The lady next to me at the Keillor show had to be one of those church basement women. There with her husband, they didn’t laugh that much or talk to each other. I’m guessing they did enjoy it.
Early and before the storyteller came out, I asked her if she’s ever seen him in person before. She said yes but I could tell she wasn’t going to say much more. My next suspicion was that her husband was pinching her to keep her from talking, or he might have leaned into her and said, “This guy sounds like he’s from Wisconsin.”
The tall man with the stories and insights came out, sung a little, shared his philosophy, and appeared to enjoy keeping the attention of this crowd who had come to see him at the Paradise Theater in Faribault, MN.
The original show scheduled for the end of January was snowed out, and he wanted to make up for that absence. He talked about his wife who at that moment was in Hayward, WI, at a family wedding and probably dancing the night away with some young French man.
My favorite line of the night came when he was asked what he thinks about the in-laws.
“I enjoy them, no problem. But I enjoy them ONE at a time.” Lots of laughter as it dawned on the audience what he meant, and that it applied to so many of us. My in-laws are wonderful, but I, too, enjoy them one on one rather than as part of a crowd.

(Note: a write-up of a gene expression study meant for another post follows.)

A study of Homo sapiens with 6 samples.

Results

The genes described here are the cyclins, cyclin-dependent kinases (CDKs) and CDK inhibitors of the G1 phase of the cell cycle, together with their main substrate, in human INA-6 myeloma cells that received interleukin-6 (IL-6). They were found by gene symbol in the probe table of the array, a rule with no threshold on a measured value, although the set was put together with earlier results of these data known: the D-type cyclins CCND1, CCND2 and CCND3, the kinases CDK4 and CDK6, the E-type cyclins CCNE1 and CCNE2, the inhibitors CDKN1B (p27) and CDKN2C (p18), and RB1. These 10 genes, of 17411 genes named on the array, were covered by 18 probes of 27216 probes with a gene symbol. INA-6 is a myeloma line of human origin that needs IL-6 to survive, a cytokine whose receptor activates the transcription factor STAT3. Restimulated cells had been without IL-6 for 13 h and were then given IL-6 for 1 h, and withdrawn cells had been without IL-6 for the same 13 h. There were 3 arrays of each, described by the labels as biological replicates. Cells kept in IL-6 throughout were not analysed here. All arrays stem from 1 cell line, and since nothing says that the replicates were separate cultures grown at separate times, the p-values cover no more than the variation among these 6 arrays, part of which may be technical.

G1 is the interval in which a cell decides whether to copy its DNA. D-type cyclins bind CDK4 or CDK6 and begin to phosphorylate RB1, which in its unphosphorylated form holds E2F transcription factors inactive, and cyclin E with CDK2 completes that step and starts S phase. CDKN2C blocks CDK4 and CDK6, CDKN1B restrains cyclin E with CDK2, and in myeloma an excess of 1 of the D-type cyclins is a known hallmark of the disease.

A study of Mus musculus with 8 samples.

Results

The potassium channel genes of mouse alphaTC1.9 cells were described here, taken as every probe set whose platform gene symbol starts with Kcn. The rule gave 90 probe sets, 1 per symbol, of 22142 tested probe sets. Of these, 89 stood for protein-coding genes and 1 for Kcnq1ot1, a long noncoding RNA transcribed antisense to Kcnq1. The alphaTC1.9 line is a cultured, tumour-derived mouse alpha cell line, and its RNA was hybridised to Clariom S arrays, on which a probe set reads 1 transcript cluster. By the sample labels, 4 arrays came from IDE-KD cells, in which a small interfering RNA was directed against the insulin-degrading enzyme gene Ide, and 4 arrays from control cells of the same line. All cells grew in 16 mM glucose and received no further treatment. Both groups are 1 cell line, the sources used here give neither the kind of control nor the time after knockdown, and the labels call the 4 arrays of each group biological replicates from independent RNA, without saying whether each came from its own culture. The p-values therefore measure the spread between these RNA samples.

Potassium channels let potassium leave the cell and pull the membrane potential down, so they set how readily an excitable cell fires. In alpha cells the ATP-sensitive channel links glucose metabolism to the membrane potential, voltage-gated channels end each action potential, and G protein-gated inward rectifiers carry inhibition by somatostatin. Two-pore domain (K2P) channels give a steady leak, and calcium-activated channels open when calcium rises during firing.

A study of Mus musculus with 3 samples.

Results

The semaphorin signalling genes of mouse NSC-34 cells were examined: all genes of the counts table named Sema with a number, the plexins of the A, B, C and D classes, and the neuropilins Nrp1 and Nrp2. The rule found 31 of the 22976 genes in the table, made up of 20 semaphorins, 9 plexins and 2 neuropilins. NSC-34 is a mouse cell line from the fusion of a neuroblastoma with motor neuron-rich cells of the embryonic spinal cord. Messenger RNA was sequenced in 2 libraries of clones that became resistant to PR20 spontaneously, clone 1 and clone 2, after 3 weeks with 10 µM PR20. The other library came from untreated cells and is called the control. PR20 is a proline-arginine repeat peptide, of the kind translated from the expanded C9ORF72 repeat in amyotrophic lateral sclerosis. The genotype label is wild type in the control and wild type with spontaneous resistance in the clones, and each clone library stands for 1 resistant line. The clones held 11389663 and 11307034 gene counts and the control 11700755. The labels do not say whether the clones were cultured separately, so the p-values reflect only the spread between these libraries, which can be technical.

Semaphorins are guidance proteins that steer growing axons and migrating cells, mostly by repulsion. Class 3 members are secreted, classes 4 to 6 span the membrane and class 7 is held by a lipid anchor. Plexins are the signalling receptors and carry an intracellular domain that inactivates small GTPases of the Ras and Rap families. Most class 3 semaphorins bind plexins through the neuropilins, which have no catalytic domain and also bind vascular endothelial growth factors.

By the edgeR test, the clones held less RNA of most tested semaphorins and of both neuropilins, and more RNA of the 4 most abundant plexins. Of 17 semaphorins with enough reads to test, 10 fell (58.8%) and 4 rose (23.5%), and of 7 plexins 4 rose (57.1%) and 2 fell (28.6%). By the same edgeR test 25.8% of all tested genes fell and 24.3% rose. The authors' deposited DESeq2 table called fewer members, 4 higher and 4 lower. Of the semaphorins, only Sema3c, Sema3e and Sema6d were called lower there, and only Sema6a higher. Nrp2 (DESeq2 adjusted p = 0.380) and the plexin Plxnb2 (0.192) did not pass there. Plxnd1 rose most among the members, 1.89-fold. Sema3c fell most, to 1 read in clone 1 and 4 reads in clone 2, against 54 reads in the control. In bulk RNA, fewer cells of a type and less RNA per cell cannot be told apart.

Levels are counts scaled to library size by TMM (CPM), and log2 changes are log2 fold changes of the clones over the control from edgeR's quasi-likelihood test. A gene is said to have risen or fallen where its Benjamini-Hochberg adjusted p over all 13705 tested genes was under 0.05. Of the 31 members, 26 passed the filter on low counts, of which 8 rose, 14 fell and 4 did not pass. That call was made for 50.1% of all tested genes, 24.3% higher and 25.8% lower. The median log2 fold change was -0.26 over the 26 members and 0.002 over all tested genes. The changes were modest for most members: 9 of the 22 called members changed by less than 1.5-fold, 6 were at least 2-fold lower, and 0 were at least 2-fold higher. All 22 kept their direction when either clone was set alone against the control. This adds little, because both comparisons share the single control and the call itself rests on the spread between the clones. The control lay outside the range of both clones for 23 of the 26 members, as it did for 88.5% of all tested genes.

The lady next to me, I’ll call her Edith, didn’t say much to her husband or, of course, not to me. Chalk it up, I thought. I’m not one to force myself on anyone, and I fully understand the feeling.
The scene changed, though, when Keillor began singing a familiar hymn and invited us, dared us, to sing along. Next to me came a heavenly sound.
Edith had the voice of a Lutheran angel.
“When peace like a river attendeth my way”
The lady is in the choir, I’m guessing she’s the director.
“When sorrows like sea billows roll”
My voice wasn’t like hers but it felt so comforting to sing this hymn.
“Whatever my lot, thou hast taught me to say”
Throughout the theater, the calm voices of 250 singers created a beautiful chorus.
“It is well, it is well, with my soul.”
Even into the 2nd verse I listened to Edith as much as to Keillor and the entire audience.
It meant much to me, this song, because I learned the background of this hymn, often sung at funerals and serious services.
The author was a minister and in the 1870s had survived and dealt with the Chicago fire. Year later he learned that nearly his entire family died in an Atlantic shipwreck. His wife survived, his daughters didn’t. (if I have that wrong, I’ll correct it)
For us, that song came toward the end of the show. In the nearly 2 hours the laughter, the crying, the deep thinking , it all happened as part of Keillor’s insight in human behavior.
Edith and I didn’t talk at the end either, but as I stretched and slowly worked out the kinks as I shuffled to the lobby, my mind created an inventory of what I’d remember the most about the evening.
Right up there was sitting next to the angel, Edith.